Arizona students made gains in reading and held steady in math last school year, data for the state’s high-stakes AIMS test released Monday show.

Reading pass rates climbed slightly, from 78 percent of students passing last year to 79 percent this year.

The state managed to hold steady at 61 percent passing math after several years of declining scores.

Locally, the Amphitheater, Catalina Foothills, Flowing Wells, Marana, Sahuarita, Tanque Verde and Vail districts were either on par or outperformed the state average in both the math and reading measures. The city’s two largest school districts — Tucson Unified and Sunnyside Unified — however, fell short.

In TUSD, only 50 percent of students passed math and 71 percent passed reading — the same level of achievement as last year. Sunnyside was even further behind, with only 41 percent of students passing the math test and 67 percent passing reading. Though low, the reading performance is 1 percentage point higher than last year.

“We see we have work to do in multiple areas, but we have spent time working on our math and reading curriculum,” said TUSD Superintendent H.T. Sanchez. “If the curriculum is engaging and interesting, it will help boost student performance.”

Like many districts, TUSD is rolling out a beefed-up early-literacy model in response to the Move on When Reading policy, which went into effect in the spring. The policy calls for those who fall far below on the AIMS reading standard in the third grade to be held back.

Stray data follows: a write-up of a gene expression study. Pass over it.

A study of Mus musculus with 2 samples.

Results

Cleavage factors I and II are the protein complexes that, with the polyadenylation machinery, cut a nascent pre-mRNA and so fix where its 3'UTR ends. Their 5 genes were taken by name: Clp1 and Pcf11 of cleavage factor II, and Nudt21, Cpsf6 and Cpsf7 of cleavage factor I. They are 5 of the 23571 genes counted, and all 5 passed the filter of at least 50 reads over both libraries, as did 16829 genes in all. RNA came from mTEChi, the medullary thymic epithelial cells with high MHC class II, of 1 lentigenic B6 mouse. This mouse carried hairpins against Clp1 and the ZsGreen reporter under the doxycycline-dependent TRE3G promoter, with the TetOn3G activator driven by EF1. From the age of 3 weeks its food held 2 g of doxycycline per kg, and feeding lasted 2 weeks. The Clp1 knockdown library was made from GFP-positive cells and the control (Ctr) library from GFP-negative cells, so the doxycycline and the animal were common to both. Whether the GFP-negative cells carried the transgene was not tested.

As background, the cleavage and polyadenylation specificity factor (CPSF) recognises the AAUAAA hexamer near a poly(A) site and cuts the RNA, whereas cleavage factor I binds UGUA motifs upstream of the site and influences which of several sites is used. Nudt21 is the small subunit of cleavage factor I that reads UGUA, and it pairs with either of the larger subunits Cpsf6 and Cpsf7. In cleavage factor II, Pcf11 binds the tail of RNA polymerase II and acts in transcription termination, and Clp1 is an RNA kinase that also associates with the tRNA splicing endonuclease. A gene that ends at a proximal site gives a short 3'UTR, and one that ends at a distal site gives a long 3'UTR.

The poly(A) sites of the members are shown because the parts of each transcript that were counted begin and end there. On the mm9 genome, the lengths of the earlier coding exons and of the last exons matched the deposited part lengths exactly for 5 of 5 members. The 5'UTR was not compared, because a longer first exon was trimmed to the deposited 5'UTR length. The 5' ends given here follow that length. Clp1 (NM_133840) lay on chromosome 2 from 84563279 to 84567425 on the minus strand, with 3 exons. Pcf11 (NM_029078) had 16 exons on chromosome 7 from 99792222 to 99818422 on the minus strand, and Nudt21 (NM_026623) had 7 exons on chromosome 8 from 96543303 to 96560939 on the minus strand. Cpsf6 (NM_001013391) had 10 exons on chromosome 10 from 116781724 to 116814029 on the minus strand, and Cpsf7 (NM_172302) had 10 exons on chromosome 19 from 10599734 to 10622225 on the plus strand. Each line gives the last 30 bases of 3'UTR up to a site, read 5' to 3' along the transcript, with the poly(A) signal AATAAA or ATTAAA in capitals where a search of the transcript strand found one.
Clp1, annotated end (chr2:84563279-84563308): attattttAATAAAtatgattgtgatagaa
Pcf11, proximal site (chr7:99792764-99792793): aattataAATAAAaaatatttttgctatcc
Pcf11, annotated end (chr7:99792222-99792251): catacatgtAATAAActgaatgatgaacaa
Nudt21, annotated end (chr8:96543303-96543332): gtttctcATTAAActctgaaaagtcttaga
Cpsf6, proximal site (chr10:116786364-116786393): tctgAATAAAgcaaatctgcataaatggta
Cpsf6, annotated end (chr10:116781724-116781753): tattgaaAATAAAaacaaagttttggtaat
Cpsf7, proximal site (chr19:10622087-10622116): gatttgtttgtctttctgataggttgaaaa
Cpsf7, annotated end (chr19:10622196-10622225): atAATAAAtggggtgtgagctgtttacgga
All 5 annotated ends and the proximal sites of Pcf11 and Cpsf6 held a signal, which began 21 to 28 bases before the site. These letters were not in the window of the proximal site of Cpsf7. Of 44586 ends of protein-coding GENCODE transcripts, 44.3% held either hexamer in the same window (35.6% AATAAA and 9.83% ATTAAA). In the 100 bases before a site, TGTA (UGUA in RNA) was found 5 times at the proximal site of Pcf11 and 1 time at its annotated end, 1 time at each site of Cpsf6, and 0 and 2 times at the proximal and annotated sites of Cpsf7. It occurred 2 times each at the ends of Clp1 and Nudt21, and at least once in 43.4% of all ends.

With years to plan for the change, the state saw the number of third-graders who fell far below in reading decrease from 4,356 in 2011 to 2,206 in 2014.

Had the Move on When Reading standards been in place in 2011, more than 1,600 students would have been impacted, compared with the 602 that were affected now.

Each year, Arizona students in grades three through eight and 10th grade are required to take AIMS to measure their mastery of math, reading, writing and science.

Whether students will take AIMS again this year is unknown, as the state is in the process of possibly selecting a new assessment tool. Students will, however, continue to take the science portion of AIMS.

Contact reporter Alexis Huicochea at or 573-4175. On Twitter @AlexisHuicochea

Education writer for #ThisIsTucson. Mom of one.